Patients with a positive penicillin skin test will likely experience reduced sensitivity to the medication over time and should undergo repeat testing, according to research presented at the American College of Allergy, Asthma and Immunology Annual Scientific Meeting.

Penicillin skin testing is an important diagnostic tool in the evaluation of IgE-mediated penicillin allergy,” Dayne Voelker, MD, from Mayo Clinic School of Graduate Medical Education, and colleagues wrote. “Previous research suggests that the rate of positive penicillin skin testing is falling and that previously positive penicillin skin testing turns negative overtime. Characterizing the decrease in penicillin skin testing sensitivity over time is important to determine if these antibiotics could be used in the future.”

To investigate whether penicillin sensitivity should be retested in the future, Voelker and colleagues reviewed the electronic medical records of patients who had a history of penicillin allergy and underwent penicillin skin testing.

Age at initial penicillin skin test varied widely, ranging from 2 to 82 years.

The researchers identified 385 patients with a positive penicillin skin test. Of those, only 14 were retested. These patients had initial positive results to benzyl-penicilloyl (n = 5), PCN G (n = 5), amoxicillin (n = 3) or penicilloate (n = 1). All repeat penicillin skin tests came back negative. There was a mean duration of 5.93 years from initial skin testing to repeat skin testing.

A mean of 20 and 27 years occurred from the original reaction to the first and second penicillin skin test, respectively.

“Patients with a positive penicillin skin test will likely lose sensitivity to penicillin with time,” Voelker and colleagues concluded. “Patients with a positive penicillin skin test should be re-evaluated with repeat testing in the future.” – by Alaina Tedesco

 

Reference:

Voelker D, et al. Abstract P007. Presented at: American College of Allergy, Asthma and Immunology Annual Scientific Meeting; Nov. 15-19, 2018; Seattle.

Disclosures: Healio Internal Medicine was unable to confirm relevant financial disclosures prior to publication.

Patients with a positive penicillin skin test will likely experience reduced sensitivity to the medication over time and should undergo repeat testing, according to research presented at the American College of Allergy, Asthma and Immunology Annual Scientific Meeting.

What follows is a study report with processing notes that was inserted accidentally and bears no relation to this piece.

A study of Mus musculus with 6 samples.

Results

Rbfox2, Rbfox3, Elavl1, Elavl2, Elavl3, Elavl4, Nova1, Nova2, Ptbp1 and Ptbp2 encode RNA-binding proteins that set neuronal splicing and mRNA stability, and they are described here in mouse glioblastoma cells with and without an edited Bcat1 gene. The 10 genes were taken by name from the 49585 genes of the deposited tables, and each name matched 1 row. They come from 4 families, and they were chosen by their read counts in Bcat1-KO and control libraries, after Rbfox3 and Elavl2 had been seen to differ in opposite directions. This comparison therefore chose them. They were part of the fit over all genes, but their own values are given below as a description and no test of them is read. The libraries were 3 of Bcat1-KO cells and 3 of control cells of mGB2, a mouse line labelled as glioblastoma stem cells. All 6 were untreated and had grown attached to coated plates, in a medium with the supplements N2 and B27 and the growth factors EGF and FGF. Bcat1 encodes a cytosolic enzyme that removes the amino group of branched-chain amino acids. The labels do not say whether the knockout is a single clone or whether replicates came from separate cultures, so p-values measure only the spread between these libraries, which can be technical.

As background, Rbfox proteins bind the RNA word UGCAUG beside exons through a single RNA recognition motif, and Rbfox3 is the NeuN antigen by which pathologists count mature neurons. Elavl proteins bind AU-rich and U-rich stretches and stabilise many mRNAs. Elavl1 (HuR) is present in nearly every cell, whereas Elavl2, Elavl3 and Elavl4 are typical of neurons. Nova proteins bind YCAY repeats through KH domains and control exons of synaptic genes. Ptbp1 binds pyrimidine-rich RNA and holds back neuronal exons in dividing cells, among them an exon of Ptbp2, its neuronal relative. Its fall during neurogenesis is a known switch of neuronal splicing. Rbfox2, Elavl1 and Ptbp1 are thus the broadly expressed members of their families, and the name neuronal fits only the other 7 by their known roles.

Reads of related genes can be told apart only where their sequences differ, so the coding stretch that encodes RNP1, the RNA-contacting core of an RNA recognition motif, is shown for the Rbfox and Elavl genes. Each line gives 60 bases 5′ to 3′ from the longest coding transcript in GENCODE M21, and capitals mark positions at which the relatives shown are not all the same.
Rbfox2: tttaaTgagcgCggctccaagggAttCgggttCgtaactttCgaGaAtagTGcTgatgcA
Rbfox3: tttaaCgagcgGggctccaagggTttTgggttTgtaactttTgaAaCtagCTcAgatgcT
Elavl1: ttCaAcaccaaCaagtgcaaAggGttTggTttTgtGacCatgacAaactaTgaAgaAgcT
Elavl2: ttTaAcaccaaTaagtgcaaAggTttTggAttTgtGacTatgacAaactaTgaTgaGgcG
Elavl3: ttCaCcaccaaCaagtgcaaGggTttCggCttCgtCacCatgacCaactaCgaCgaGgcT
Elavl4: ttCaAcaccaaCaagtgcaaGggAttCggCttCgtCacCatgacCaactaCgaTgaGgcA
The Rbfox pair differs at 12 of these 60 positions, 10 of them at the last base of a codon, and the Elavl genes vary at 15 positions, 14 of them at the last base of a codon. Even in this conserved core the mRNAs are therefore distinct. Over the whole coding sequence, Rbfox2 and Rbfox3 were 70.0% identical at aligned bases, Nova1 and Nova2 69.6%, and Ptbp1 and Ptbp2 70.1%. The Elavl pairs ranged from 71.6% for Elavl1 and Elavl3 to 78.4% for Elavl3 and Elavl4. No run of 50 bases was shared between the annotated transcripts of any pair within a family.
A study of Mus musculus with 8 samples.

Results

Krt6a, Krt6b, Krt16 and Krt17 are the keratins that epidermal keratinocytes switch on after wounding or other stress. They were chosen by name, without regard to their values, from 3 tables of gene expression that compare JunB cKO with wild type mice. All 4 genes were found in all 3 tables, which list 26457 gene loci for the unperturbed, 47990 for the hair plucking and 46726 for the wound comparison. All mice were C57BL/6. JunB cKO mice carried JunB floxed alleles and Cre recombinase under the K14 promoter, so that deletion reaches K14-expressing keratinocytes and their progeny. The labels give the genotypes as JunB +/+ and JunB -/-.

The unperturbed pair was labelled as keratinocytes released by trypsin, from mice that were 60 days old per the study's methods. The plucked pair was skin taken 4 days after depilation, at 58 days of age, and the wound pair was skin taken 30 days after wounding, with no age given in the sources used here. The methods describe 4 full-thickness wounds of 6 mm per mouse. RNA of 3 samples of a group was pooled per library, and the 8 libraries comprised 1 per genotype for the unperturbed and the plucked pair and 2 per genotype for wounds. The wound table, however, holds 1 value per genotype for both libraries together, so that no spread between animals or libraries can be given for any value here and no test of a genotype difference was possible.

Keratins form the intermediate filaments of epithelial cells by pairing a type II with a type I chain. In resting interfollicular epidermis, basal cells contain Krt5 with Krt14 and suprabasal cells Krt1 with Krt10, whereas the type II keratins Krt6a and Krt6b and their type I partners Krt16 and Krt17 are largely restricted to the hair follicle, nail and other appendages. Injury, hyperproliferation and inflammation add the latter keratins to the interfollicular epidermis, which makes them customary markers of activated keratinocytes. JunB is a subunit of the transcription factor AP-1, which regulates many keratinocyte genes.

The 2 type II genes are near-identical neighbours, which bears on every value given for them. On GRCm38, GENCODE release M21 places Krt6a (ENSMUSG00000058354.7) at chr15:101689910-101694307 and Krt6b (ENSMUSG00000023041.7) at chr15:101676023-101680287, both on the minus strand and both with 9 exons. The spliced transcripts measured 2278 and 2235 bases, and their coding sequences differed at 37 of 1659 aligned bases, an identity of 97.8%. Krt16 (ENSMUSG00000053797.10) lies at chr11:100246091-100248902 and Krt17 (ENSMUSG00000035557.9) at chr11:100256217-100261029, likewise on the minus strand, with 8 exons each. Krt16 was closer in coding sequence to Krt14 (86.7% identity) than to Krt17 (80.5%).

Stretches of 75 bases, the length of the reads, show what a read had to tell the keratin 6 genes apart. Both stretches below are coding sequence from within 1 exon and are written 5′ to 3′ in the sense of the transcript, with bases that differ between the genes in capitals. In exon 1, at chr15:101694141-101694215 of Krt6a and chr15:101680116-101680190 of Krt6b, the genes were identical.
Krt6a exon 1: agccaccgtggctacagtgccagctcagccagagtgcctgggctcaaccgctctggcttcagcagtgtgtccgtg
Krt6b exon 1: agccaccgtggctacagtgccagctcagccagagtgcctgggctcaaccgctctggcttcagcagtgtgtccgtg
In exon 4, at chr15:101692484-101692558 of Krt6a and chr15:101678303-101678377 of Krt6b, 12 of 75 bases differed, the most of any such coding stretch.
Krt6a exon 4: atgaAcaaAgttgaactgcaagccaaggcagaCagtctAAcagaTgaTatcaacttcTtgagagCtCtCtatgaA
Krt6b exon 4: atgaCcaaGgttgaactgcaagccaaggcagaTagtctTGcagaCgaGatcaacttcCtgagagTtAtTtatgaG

Penicillin skin testing is an important diagnostic tool in the evaluation of IgE-mediated penicillin allergy,” Dayne Voelker, MD, from Mayo Clinic School of Graduate Medical Education, and colleagues wrote. “Previous research suggests that the rate of positive penicillin skin testing is falling and that previously positive penicillin skin testing turns negative overtime. Characterizing the decrease in penicillin skin testing sensitivity over time is important to determine if these antibiotics could be used in the future.”

To investigate whether penicillin sensitivity should be retested in the future, Voelker and colleagues reviewed the electronic medical records of patients who had a history of penicillin allergy and underwent penicillin skin testing.

Age at initial penicillin skin test varied widely, ranging from 2 to 82 years.

The researchers identified 385 patients with a positive penicillin skin test. Of those, only 14 were retested. These patients had initial positive results to benzyl-penicilloyl (n = 5), PCN G (n = 5), amoxicillin (n = 3) or penicilloate (n = 1). All repeat penicillin skin tests came back negative. There was a mean duration of 5.93 years from initial skin testing to repeat skin testing.

A mean of 20 and 27 years occurred from the original reaction to the first and second penicillin skin test, respectively.

“Patients with a positive penicillin skin test will likely lose sensitivity to penicillin with time,” Voelker and colleagues concluded. “Patients with a positive penicillin skin test should be re-evaluated with repeat testing in the future.” – by Alaina Tedesco

 

Reference:

Voelker D, et al. Abstract P007. Presented at: American College of Allergy, Asthma and Immunology Annual Scientific Meeting; Nov. 15-19, 2018; Seattle.

Disclosures: Healio Internal Medicine was unable to confirm relevant financial disclosures prior to publication.